But now Lenovo is getting into the handheld computer game with the introduction of the LAVIE MINI.
It’s a convertible notebook with an 8 inch touchscreen display, an Intel Tiger Lake processor, and support for optional accessories including detachable game controllers and a desktop docking station.
The LAVIE MINI measures 7.87″ x 5.79″ x 0.67″ inches thick and weighs just 1.28 pounds and Lenovo describes it as a pocket-sized computer, which would put it in the same category as devices like One Netbook’s One Mix Yoga or GPD’s Win 3 or Pocket computers.
Lenovo’s version features:
- 1920 x 1200 pixel touchscreen display (400 nits)
- Up to an Intel Core i7-1180G7 Tiger Lake processor with Intel Xe graphics
- Up to 16GB of LPDDR4x-4266 dual-channel memory (soldered)
- Up to 256GB of solid state storage
- Up to a 26 Wh battery
- 2 x USB 3.1 Gen 2 Type-C ports
- WiFi 6 & Bluetooth 5.1
- Backlit keyboard & optical touch sensor
- IR camera with Windows Hello face recognition
- Stereo 1.5W speakers
Optional accessories include a game controller that attaches to the side of the LAVIE MINI like Nintendo Switch Joy-cons (or the detachable controllers for the One Netbook OneGX1 series), and a gaming/charging dock with an HDMI port, two USB-C ports, and two USB-A ports, allowing you to use the mini laptop as if it were a desktop PC or a game console.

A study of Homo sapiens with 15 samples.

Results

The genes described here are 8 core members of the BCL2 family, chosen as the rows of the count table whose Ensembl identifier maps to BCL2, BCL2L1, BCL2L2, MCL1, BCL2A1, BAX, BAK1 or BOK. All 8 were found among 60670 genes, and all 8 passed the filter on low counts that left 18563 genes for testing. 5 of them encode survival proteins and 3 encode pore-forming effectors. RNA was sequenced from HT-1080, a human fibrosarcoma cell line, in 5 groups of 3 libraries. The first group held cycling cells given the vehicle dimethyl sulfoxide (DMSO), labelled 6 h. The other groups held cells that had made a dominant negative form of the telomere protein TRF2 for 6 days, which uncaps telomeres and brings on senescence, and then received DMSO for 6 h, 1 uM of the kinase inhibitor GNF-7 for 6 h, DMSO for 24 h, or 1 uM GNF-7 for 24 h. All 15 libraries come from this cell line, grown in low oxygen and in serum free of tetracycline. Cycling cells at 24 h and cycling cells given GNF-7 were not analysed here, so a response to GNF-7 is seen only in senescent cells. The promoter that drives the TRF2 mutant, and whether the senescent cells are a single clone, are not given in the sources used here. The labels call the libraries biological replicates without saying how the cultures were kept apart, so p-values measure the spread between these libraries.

Lenovo notes that the optional game controllers have the same layout as an Xbox controller. But if you’d prefer to use third-party controllers, the LAVIE MINI is a full-fledged Windows computer so it should work with most game controllers or other PC peripherals.
Designed in partnership with Japanese electronics company NEC, the LAVIE MINI reminds me a bit of the Alienware UFO concept that Dell showcased during the 2020 Consumer Electronics Show. But Lenovo is describing its tiny computer as a real device and not just a concept.
That said, the company hasn’t announced a release date or price yet, so there’s still a chance this thing will never come to market. But NEC is showing off working prototypes in Japan, where the folks at Engadget Japanese got a chance to see what the little computer looks like from all angles:
You can find more pictures at Engadget Japanese. Or check out the official promo video and a few more renders below.